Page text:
Civil asset forfeiture is the most infamous game in law enforcement. While in its pure form, seizing the luxury cars, boats, homes and cash of drug dealers can be a useful tool in taking profit out of crime, in the real world far too many police and sheriffs offices use it to finance and enrich their operations, leading to startling abuses.
Now, this is an old story. Go through newspaper archives across the country and you'll find investigative pieces going back more than a decade documenting problems with police departments taking people's stuff for their own use, often without even bothering to charge the owner with a crime.
No one is immune. Pro basketball player Corie Blount was a victim in 1998 when he was pulled over in Ohio on Christmas Eve for having tinted windows and no front license plate. His car was searched after a drug-sniffing dog alerted to the car. No drugs were found but the Ohio State Highway Patrol discovered $19,000. Without any evidence of criminality, the money was taken and turned over to the Drug Enforcement Administration for seizure. It took months of negotiations with the federal government to finally get the money returned.
In the aftermath of this and other such scandals, state legislatures and even Congress have made some attempts at reform, but law enforcement has vehemently resisted the only real reform: taking the profit motive out of seizures by not letting police keep the dough.
Slapping their fingers from the cookie jar is the only way to protect against abuse. But police are addicted to this narcotic of easy money and fancy wheels and they are not giving up their drug of choice easily. Imagine trying to evict Tampa Police Chief Bennie Holder from the seized $38,000 Chevy Tahoe in which he is driving around these days, or trying to decommission some of the 42 other seized cars, including a Lincoln Navigator and a Ford Expedition, top Tampa police brass use. It is not going to happen.
In Utah, a highly popular voter-passed initiative in 2000 sent all proceeds from asset seizures to an education fund. But since then, local police agencies and prosecutors have done everything possible to stymie the measure, from going to court to challenge the initiative's constitutionality (they lost), to simply ignoring it and illegally keeping the hundreds of thousands of dollars. Finally, in June, a court ordered the money into the school fund.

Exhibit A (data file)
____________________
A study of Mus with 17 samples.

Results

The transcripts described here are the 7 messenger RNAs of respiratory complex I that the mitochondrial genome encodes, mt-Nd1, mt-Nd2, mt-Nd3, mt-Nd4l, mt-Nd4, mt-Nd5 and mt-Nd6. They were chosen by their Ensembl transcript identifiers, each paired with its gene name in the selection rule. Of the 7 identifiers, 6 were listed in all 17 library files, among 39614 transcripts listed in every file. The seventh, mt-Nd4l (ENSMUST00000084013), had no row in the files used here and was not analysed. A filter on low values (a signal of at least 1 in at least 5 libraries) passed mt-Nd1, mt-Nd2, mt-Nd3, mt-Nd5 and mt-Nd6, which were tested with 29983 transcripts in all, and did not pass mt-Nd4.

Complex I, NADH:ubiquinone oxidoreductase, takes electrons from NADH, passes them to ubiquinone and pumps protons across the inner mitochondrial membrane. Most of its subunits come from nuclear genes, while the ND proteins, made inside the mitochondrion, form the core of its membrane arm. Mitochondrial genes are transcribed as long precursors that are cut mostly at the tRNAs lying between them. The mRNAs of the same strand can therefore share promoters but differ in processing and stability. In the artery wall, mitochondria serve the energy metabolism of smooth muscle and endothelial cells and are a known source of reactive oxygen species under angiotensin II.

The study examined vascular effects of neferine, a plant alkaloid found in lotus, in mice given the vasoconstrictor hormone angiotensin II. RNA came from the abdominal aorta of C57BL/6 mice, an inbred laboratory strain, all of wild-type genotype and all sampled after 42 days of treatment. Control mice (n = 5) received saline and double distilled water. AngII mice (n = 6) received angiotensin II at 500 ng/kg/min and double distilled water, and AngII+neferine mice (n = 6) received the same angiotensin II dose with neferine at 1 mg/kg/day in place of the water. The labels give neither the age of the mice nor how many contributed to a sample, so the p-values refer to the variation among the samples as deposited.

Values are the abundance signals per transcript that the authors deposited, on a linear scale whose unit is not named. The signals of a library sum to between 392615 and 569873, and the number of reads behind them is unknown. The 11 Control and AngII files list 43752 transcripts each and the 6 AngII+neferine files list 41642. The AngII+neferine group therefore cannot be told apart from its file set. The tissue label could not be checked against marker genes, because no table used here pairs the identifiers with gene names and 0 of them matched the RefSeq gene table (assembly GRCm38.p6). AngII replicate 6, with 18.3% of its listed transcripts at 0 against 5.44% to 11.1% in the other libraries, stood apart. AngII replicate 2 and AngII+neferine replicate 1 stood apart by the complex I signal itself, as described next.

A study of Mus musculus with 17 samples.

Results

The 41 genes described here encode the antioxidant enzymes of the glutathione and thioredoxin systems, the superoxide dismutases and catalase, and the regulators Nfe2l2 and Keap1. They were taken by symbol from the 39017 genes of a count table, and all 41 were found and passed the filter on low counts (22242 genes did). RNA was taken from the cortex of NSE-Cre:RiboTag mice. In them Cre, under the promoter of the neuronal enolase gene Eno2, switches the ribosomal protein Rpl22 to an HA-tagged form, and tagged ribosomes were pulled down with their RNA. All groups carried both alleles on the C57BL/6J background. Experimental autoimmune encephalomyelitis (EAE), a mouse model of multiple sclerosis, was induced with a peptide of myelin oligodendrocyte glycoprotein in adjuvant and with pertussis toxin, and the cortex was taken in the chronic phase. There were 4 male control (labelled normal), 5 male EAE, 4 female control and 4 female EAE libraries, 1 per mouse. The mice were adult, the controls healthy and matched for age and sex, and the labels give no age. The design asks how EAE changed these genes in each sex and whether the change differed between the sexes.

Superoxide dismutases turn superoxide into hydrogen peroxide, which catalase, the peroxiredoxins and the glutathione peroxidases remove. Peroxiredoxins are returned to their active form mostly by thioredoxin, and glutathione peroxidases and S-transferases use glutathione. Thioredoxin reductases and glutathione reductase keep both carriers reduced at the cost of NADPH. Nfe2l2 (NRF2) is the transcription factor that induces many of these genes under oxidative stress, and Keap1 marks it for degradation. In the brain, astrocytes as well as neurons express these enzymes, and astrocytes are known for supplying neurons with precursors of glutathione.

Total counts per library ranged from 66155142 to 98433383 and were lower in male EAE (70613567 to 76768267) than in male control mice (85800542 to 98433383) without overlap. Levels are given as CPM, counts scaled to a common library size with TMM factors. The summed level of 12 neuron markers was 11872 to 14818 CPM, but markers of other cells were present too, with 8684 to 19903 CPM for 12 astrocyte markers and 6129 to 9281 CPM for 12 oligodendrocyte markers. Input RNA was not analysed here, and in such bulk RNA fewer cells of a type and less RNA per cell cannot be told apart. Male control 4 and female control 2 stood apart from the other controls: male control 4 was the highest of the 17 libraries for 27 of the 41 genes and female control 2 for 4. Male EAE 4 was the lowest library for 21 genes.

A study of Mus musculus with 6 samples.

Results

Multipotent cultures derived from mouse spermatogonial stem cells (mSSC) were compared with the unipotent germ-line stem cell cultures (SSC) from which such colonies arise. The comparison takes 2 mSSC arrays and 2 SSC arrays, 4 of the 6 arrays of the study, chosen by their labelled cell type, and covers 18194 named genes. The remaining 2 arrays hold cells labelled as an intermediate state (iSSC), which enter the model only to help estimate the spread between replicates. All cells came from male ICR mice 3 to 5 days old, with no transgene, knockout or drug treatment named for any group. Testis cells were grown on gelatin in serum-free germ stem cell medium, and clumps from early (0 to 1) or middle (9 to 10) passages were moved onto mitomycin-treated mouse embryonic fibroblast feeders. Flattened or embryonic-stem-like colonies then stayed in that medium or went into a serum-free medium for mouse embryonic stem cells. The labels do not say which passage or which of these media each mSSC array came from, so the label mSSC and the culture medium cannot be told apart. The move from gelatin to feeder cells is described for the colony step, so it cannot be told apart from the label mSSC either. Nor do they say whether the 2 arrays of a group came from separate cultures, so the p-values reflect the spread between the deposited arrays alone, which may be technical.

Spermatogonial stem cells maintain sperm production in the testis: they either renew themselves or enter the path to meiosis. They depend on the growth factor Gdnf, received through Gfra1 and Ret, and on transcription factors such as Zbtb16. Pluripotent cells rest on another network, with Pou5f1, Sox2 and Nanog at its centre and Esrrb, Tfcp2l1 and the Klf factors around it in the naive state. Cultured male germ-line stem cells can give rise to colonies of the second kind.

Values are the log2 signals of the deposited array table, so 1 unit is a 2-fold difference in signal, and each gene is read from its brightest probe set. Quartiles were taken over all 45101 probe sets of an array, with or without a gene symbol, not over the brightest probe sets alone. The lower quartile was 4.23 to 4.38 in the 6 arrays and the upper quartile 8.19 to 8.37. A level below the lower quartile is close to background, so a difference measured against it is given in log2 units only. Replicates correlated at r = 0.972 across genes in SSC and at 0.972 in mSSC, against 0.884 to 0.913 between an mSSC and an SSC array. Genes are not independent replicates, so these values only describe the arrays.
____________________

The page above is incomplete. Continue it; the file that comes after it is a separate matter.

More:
Responding to the ruling, Salt Lake County District Attorney David Yocom echoed the sentiments of a number of other officials by predicting the end of local forfeitures. "Doing forfeitures is way down the line in my priorities," Yocom told the Associated Press.
Astounding. If police and prosecutors don't get to keep the money, if it goes instead to public education or something equally worthy, they are not going to bother with seizures? Funny, I thought forfeitures were done for a law enforcement purpose, as a way to prevent criminals from living large on their lucre, as a disincentive to crime. Now it turns out, it is all about who gets the money. Well, fancy that.
And this is where the federal government steps in. Numerous states have enacted laws diverting some or all of asset seizure profits into a state general fund or other specialized fund. This is what legislatures do, they develop funding priorities for state revenues. But for nearly 20 years the federal government has colluded with local law enforcement to skirt state law and put the money back into the pockets of the seizing agency.
Under the process known as adoption, the Justice Department actively encourages local policing agencies to turn over their seized assets. The department will then do the forfeiture and return 80 percent of seizure proceeds to the local agency. So, for a mere 20 percent off the top, any pesky state laws can be circumvented.
Thanks to a wonderful series by reporter Karen Dillon at the Kansas City Star (www.kcstar.com/projects/drugforfeit) we know something of the extent of the avarice. For example, she documents that in Wisconsin, where forfeited money goes into an education fund, only $16,906 was sent to the fund in the year ending June 1999. In six months of the same year, $1.5-million in seizures was sent by local law enforcement to the federal government.
Michael O'Hear, professor of law at Marquette University Law School and an expert on forfeiture issues, says this equitable sharing or adoption process is how the federal government gooses local law enforcement to crack down on drug trafficking.
"When equitable sharing got set up in the mid-1980s," O'Hear says, "there was this huge burst of activity by local police doing drug enforcement. Whether it's unsavory or not it does seem to be true that local police departments have been very influenced by the existence of financial incentives to do drug enforcement."
In fiscal year 2002, the Justice Department returned $188-million to state and local police agencies, $15-million to Florida alone. All this money drives local law enforcement to find any way to get a piece, even if it means bypassing state due process rules. Some states require a conviction before assets can be forfeited, and other states - including Florida - don't allow police to seize a primary residence, but none of those rules exist under federal forfeiture, so local law enforcement simply sends the seizure cases there.
This unscrupulous pact has been going on for years, but few politicians, state or federal, have been willing to challenge it. Police and prosecutors have a grip so tight on this money that no one and nothing - not even the law - can seem to pry it loose.